DENVER — The NCUA is attempting to expand its opt-in process to low income credit union designation approval this month by working with state regulators to identify eligible state-chartered credit unions, NCUA Chairman Debbie Matz announced Wednesday during her keynote session at the 2012 NASCUS Summit in Denver.
The program was part of an administration drought relief package and would make more credit unions eligible to waive the 12.25% cap on member business lending.
The NCUA would like to be able to verify eligible state-chartered credit unions every quarter, after state regulators provide NCUA with appropriate member income data. The agency would then notify state regulators which credit unions are eligible; state regulators would complete the LICU eligibility designation process.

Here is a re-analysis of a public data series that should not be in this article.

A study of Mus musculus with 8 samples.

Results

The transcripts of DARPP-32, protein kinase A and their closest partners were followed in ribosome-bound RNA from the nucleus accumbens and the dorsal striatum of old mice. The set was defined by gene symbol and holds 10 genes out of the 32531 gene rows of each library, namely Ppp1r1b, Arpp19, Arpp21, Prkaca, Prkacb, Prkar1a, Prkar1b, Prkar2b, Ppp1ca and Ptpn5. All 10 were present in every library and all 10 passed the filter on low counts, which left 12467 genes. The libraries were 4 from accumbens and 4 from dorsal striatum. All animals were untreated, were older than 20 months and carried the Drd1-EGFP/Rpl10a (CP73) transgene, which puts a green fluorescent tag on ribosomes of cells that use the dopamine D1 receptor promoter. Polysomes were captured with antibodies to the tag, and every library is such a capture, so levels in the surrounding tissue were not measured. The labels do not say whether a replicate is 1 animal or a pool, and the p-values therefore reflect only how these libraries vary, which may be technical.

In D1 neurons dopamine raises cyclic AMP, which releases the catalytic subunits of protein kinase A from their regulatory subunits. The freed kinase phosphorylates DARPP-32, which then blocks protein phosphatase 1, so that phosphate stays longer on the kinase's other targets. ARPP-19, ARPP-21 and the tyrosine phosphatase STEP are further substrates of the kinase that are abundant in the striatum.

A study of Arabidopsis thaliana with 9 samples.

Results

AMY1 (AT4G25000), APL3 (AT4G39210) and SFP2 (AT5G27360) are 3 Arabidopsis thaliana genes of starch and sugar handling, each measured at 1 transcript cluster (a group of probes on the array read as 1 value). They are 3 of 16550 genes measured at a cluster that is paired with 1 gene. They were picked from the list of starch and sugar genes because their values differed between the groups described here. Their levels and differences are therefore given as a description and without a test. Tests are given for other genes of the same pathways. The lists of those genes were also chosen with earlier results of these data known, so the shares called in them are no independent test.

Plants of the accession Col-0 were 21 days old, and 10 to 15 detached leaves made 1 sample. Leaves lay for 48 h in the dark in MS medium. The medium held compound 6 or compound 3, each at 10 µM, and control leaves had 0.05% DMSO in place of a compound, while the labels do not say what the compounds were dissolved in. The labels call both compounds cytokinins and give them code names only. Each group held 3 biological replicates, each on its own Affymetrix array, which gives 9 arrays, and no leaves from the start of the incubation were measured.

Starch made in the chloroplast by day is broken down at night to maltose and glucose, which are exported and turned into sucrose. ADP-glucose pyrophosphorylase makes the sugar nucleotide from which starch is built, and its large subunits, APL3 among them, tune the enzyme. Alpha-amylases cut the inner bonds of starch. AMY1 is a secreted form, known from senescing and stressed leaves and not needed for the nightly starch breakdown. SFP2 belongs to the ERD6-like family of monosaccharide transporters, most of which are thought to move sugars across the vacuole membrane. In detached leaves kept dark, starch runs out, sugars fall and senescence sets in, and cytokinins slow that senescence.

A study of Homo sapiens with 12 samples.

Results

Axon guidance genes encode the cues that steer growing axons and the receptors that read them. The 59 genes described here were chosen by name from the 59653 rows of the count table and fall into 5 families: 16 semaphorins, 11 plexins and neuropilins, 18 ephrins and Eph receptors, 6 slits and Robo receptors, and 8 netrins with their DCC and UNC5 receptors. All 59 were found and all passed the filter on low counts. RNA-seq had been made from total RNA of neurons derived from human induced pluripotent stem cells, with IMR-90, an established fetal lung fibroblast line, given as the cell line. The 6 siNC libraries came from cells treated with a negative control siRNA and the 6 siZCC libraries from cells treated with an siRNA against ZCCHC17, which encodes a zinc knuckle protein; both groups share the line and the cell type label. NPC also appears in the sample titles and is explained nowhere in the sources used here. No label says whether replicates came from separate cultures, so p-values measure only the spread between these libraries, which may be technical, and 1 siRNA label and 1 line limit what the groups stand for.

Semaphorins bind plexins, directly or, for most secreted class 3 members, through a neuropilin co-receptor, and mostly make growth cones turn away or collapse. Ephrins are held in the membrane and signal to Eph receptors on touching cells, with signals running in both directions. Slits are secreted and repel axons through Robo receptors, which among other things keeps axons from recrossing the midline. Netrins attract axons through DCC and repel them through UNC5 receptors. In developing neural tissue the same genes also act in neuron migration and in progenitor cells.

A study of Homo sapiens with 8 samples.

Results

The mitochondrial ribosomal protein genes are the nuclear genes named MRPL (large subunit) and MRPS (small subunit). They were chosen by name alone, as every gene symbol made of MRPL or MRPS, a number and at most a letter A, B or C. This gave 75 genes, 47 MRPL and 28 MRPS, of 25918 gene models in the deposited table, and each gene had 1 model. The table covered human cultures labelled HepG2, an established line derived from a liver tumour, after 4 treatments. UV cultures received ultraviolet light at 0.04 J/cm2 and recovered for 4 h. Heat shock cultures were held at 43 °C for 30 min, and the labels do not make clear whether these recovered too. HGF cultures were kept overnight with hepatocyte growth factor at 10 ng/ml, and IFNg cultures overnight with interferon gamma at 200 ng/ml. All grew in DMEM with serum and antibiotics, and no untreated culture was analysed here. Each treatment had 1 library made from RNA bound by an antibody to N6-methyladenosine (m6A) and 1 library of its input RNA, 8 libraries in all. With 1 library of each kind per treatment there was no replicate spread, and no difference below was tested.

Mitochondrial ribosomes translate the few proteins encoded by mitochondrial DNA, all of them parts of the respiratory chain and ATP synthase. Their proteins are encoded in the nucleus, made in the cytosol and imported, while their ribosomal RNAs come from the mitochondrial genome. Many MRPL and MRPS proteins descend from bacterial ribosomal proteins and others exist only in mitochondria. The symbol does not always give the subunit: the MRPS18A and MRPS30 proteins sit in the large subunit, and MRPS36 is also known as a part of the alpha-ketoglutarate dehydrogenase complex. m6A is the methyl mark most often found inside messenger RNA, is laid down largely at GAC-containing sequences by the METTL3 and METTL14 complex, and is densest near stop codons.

Fortney told Credit Union Times the program is still in the very early stages, and will be subject to each state’s low-income program rules. Some states don’t have low-income designations, she added.
Rather than that ask federally chartered credit unions to complete a full application and approval process, the NCUA sent a letter to 1,000-some credit unions, notifying the of their LICU eligibility, and offering them the chance to gain LICU designation by simply replying to the letter.
To date, Matz said 553 credit unions have responded and accepted the LICU designation. The NCUA will send a second letter to eligible federal credit unions this week, because some credit unions have said they didn’t receive the letter, or haven’t yet had a chance to meet with their boards to accept the offer.